Old Salem Museum to benefit from sale of toy collection

NEW HOPE, Pa. – A significant chapter in antique-toy history drew to a close Nov. 19-20 as Noel Barrett auctioned the spectacular collection of dollhouses, toys, miniatures and holiday items formerly displayed in the Old Salem Toy Museum of Old Salem, N.C. The 902-lot sale consisted of a premier collection intensively assembled over the last decade by businessman Thomas A. Gray and his mother, the late Anne P. Gray, members of a prominent North Carolina tobacco family. The collection had been housed at the toy museum from 2002 till its closure in May 2010.

Proceeds from the $1,437,050 auction (all prices quoted include 15 percent buyer’s premium) will be used to acquire and conserve Moravian and Southern decorative art objects for the Old Salem Museum & Gardens, a restored 18th/19th-century North Carolina Moravian community that is part of a National Historic Landmark district.

The auction’s top lot, a superb circa-1740-1750 dollhouse styled as a Georgian quoined “stone” mansion, was a runaway favorite with the crowd. Its provenance included ownership by the Baroness Ann van Haeften – hence giving it the name by which it has been known to collectors for many years: The van Haeften House. Its rich history also included tenure in the Vivien Greene collection of antique doll’s houses in the Rotunda Museum, Oxford, England. At some point later in its life, the 52 1/2-inch wide by 49 1/4-inch tall structure was discovered to have the signature “Schuster,” possibly that of German artist Johann Martin Schuster (1667-1738), inscribed on the reverse of its facade. Estimated at $20,000 to $30,000, the celebrated dollhouse was aggressively bid to $132,250.

Collectors of dollhouses, miniatures, and outfitted shops and room boxes were spoiled for choice at the auction, with many hundreds of articles from which to choose. A remarkable 19th-century English butcher shop equipped with two buildings, outdoor stands, three stout butchers and nearly 200 carved and painted replicas of cuts of meat and poultry, had formerly been on view at the Mary Merritt Doll Museum in Pennsylvania. It sold within estimate for $33,350.

A magnificently detailed, possibly unique cigar shop/tobacconist room box attributed to Christian Hacker featured every possible inclusion required to replicate faithfully its grand, real-life counterpart of the Victorian era. “No fine detail was overlooked,” said Noel Barrett. “It even contained faux-marble columns, a glass-topped cigar display box stocked with miniature faux cigars, and a Schweitzer chandelier.” With expectations of making $8,000 to $12,000, it breezed to a $21,850 conclusion.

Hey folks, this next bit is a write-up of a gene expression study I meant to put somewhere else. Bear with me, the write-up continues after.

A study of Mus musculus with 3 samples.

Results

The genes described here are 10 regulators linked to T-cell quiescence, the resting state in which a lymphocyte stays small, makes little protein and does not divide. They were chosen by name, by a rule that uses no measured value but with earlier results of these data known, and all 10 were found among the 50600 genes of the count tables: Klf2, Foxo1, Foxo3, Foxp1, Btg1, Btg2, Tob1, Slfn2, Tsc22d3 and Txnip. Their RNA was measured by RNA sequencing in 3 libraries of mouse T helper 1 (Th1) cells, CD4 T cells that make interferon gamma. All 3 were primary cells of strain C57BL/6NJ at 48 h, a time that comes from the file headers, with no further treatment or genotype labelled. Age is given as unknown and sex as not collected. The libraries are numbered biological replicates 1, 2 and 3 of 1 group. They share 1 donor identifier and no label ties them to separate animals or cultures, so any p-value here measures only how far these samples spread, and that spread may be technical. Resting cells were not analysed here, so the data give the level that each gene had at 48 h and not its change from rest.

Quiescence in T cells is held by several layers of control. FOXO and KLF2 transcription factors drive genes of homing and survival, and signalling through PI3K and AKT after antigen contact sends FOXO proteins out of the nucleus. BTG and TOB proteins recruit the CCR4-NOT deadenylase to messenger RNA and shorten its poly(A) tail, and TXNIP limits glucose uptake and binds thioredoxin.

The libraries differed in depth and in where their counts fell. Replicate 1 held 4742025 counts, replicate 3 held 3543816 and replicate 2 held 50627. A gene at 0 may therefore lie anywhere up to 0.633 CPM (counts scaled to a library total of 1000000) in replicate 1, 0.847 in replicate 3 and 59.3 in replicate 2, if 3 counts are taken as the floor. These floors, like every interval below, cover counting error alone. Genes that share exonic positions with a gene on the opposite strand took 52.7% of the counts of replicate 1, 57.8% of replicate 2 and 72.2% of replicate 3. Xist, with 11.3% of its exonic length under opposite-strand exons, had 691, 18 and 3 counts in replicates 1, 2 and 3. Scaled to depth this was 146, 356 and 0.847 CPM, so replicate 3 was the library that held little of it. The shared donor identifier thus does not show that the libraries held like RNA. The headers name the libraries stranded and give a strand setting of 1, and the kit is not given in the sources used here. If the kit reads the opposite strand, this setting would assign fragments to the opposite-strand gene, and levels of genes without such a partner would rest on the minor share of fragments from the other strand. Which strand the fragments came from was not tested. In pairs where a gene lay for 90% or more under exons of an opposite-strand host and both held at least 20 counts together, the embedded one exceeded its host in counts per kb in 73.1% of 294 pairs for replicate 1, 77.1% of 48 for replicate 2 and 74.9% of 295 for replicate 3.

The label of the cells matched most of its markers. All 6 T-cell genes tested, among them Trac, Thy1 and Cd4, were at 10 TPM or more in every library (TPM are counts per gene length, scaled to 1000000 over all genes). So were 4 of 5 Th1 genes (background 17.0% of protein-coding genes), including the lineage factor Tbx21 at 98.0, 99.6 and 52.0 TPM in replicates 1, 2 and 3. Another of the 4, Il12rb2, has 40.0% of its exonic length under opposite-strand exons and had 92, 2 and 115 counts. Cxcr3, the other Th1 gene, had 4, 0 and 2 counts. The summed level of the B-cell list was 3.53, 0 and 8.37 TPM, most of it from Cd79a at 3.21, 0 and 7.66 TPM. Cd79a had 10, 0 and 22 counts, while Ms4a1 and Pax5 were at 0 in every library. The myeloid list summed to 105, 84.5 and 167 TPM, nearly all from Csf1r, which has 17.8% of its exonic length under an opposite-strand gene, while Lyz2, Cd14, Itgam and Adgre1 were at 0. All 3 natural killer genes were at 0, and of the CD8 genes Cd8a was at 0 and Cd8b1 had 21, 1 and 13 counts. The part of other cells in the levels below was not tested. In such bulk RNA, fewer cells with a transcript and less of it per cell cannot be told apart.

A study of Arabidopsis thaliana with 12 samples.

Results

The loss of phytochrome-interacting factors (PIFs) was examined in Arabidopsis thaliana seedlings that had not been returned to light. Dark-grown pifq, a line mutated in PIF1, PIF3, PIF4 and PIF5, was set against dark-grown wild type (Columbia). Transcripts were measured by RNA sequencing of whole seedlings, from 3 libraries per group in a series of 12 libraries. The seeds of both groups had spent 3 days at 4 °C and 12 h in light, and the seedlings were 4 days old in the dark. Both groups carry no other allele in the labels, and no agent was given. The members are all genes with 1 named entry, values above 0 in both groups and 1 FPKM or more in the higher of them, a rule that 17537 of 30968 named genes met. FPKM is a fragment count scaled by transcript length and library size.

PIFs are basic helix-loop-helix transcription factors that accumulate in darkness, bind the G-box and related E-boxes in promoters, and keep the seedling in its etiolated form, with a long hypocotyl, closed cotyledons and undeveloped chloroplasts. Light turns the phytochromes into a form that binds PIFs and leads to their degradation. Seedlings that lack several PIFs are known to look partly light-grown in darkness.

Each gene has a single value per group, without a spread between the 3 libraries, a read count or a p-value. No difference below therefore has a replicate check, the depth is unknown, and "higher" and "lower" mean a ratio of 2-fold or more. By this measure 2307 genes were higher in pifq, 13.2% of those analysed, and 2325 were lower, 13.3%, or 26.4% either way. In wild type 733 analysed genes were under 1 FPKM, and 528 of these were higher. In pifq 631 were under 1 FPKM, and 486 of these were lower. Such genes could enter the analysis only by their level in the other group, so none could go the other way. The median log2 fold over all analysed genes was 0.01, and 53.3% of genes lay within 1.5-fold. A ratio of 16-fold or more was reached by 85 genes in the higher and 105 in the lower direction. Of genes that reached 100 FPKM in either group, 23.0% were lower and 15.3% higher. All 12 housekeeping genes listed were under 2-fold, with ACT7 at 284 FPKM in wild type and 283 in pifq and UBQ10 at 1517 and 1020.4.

Also selling above its estimate was a Spanish Second Empire dollhouse whose interior was signed and dated by the maker: “1888 Pintor Rafael.” Pictured in the book Dollhouses Past and Present (Donald E. Mitchell, 1980), the handsome faux-brick townhouse achieved $16,100.

As anticipated, the top lot among American tin toys entered in the sale was a circa-1870 clockwork boat replicating the Monitor. Of painted and stenciled tin with cast-iron wheels, the patriotically themed craft was offered together with an original hand-painted page depicting the toy from an example of the famed George Brown Toy Sketchbook. The boat made its estimate, gliding off to a new owner for $26,450.

Other American toys finishing in the top 10 included a charming Fallows horse-drawn painted-tin fire pumper, $18,400; and a Schoenhut Humpty Dumpty Circus bandwagon with musician figures, $21,850. Also exhibiting a circus motif, a Merriam tinplate “Barnum’s Menagerie” circus wagon once owned by pioneer toy collector Barney Barenholtz (1914-1989) realized $16,100.

One of the surprise lots of the sale was a trio of Simon & Halbig bisque dolls in traditional travel attire, accompanied by suitcases, satchels and even a small metal bicycle attributed to Carette. The smartly dressed travel companions were offered with hopes of reaching $1,500 to $2,500, but obviously had loftier ambitions. They arrived at their final destination with a winning bid of $9,775.

Other highlights included a Muller & Kadeder (Germany) airplane carrousel, which landed at $14,950 against an estimate of $4,000 to $5,000; and a Wilkins painted cast-iron floor train that chugged to $12,650, more than double its low estimate. An Erzgebirge painted-wood ship with Turkish soldier figures sold within its estimate range for $8,500.